For good or ill, it is nearly impossible to function in our society without a basic knowledge of the law. Whether we as educators see our function as preparing students for a single profession, or for full participation in community life as a whole, we cannot ignore the influence of legal language. This prospect is really not so daunting as it sounds: not only has legal writing begun to respond to the widespread calls for “plain English,” but lawyers’ ways of writing and thinking can be valuable tools for student learning in any field that values precise analysis and awareness of the means of persuasion.
Legal analysis and legal argument are, in many ways, paradigmatic of our culture’s means of knowledge-making. Most legal analysis derives from deductive reasoning, from a simple syllogism in which a rule of law is taken as the major premise, the facts of the particular case at hand are the minor premise, and the conclusion determines whether the rule applies to the facts. We reason syllogistically (and, therefore, legalistically) all the time.
As a case in point, when I have established a rule that my children cannot have a snack right before bedtime, and my daughter asks for a chocolate chip cookie at 10 p.m., I reason that since 10 p.m. is bedtime for her, and that since a cookie is a snack, she cannot have it. This particular syllogism becomes more interesting when my daughter asks for a glass of milk; that is, when it becomes harder to define what a “snack” is, one of the terms of the major premise. Most legal syllogisms call for these more difficult definitions; in fact, using simple examples from the law is one of the most vivid ways of demonstrating to our students the importance of precise definition as well as the importance of syllogistic reasoning as a whole.
Perhaps more important is the fact that, once a particular legal syllogism is established, it is used in varied ways, and aimed at varied audiences. Teresa Godwin Phelps reminds us that lawyers write to their clients as counselors, to other lawyers as analysts, and to judges as advocates. By comparing a lawyer’s letter to her client, her memo to her peers on the client’s case, and her court brief arguing the case, we can plainly show how the same set of facts and analyses must vary, depending on the writer’s relationship with the audience—a crucial lesson for students in any field. Furthermore, because legal documents interact with each other (sometimes, it seems, endlessly) we can use legal discourse to emphasize the fact that writing always responds to real needs, and calls for an answer in return, that no text is an island.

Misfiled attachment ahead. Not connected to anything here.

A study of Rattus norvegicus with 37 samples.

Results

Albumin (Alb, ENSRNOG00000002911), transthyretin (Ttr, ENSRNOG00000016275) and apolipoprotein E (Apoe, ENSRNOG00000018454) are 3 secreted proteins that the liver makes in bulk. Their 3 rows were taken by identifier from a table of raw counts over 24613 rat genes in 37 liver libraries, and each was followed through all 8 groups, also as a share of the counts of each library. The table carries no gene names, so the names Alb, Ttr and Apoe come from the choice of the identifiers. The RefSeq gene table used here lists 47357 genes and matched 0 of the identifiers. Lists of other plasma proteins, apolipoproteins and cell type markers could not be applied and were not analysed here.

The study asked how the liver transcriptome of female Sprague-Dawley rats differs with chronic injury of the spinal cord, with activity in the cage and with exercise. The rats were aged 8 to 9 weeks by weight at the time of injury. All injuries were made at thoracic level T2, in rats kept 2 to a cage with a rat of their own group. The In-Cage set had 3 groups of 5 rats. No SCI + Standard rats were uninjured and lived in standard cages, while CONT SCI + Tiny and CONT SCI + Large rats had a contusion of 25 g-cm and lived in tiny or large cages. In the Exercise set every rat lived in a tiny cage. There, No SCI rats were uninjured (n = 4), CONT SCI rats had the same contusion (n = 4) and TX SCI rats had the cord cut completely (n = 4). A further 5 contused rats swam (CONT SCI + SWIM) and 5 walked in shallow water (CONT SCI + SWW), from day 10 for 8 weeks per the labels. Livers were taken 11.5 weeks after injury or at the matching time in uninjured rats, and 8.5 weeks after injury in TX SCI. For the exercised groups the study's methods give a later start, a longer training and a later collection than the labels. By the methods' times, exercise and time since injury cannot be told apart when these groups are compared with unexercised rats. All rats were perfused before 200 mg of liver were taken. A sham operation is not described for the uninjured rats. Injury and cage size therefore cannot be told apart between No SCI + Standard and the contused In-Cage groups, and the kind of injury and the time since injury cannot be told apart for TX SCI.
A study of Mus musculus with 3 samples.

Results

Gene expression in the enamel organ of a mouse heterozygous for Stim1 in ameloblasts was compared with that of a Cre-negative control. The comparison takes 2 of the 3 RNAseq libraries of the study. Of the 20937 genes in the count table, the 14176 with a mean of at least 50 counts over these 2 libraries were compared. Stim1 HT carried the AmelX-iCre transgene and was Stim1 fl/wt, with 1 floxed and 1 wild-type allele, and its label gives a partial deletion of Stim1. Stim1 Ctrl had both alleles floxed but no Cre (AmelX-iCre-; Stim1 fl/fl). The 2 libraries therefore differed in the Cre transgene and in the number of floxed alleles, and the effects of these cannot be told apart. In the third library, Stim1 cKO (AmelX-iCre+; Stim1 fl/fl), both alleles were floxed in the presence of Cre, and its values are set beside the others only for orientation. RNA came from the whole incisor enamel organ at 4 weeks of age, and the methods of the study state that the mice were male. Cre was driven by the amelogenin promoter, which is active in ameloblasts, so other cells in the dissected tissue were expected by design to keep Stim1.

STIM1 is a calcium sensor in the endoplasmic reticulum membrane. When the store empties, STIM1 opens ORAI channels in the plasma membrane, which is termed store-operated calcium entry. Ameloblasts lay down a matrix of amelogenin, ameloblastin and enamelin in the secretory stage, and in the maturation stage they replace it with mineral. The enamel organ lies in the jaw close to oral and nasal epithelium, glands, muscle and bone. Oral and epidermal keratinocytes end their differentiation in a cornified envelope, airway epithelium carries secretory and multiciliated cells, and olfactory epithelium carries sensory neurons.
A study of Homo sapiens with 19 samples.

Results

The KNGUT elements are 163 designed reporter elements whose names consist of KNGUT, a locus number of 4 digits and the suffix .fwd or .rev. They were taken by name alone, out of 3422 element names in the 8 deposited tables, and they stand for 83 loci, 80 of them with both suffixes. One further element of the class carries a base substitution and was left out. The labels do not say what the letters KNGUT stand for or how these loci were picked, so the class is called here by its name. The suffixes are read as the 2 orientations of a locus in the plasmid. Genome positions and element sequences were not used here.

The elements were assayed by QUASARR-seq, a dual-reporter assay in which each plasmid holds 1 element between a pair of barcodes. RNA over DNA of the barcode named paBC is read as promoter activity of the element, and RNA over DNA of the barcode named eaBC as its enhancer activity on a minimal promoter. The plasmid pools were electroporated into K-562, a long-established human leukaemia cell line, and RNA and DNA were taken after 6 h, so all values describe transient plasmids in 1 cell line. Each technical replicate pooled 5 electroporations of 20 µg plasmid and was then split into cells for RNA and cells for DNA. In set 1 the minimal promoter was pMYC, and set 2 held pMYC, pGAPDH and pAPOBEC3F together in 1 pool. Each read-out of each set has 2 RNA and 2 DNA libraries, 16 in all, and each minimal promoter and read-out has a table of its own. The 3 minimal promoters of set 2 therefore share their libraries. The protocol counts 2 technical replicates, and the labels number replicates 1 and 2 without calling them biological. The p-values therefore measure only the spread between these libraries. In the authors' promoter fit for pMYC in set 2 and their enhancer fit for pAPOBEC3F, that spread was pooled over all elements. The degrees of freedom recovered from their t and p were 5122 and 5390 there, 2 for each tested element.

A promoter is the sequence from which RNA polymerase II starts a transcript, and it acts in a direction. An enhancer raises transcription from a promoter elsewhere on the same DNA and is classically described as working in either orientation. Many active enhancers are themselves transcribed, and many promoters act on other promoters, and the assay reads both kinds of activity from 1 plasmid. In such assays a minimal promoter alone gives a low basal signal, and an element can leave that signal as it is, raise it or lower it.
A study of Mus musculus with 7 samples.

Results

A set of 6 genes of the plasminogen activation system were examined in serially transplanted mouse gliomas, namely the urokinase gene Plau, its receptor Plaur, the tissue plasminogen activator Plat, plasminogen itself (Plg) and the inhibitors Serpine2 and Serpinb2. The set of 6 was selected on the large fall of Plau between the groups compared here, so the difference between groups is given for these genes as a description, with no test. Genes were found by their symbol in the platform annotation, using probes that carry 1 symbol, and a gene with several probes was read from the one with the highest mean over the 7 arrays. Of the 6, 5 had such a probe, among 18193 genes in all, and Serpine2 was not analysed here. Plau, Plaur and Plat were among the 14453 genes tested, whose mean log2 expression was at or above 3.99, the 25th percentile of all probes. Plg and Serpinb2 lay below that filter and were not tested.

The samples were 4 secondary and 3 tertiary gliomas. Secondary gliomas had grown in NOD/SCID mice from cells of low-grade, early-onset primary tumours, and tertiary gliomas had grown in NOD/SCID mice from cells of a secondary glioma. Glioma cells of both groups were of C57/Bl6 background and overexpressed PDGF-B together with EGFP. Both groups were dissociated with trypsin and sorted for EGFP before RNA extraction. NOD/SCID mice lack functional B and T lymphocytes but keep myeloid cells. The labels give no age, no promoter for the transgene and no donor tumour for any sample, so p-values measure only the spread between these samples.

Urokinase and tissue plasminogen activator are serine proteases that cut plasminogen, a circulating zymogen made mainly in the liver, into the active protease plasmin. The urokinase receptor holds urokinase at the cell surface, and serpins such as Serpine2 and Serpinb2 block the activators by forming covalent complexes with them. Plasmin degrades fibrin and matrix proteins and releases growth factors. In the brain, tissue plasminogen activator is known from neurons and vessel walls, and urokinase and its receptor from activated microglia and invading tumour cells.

But will our students be overly daunted by the complexities of legal discourse? Todd Taylor of the University of South Florida believes not, and has therefore designed a technical writing course that foregrounds, rather than ignores, the influence of legal discourse in all professions. Taylor uses what he calls “a unified case study approach,” in which “a significant portion of the semester is dedicated to a team-based solution of a specific problem developed according to real circumstances in the professional world” (246).
Members of a particular team who are interested in the law act as legal consultants to the team, and through the consultation process, the other team members are also exposed to the legal issues pertinent to their chosen profession. The benefits of this “case study” approach in such fields as engineering, social work, psychology, and business are obvious, and Taylor’s article is a useful and concise guide for those who want to take advantage of them.
Less obvious, perhaps, are the advantages of this “case study method” for other disciplines, but in fact any academic discipline that must consider the larger social implications of its practices must also prepare its students to deal with the world of legal discourse. Education majors can benefit from case studies concerning banned books or severe disciplinary problems; young biologists can help each other examine the legal implications of genetic technology; history students can write mock briefs for the trial of Galileo, or dramatize the debate between Trotsky and Lenin as a moot court session.
If the prevalence of law in our popular culture is any indicator, students should be greatly energized by these activities. But more importantly, they will develop a familiarity with a way of knowing that can teach valuable analytic and rhetorical lessons. Also, they will be able to manage a discourse that, otherwise, might very well manage them.
Phelps, Teresa Godwin. “In the Law the Text is King.” Worlds of Writing: Teaching and Learning in Discourse Communities. Carolyn B. Matalene, ed. New York: Random, 1989. 363-374.
Taylor, Todd. “Legal Literacy and the Undergraduate Curriculum.” Journal of Business and Technical Communication 10.2 (1996): 239-250.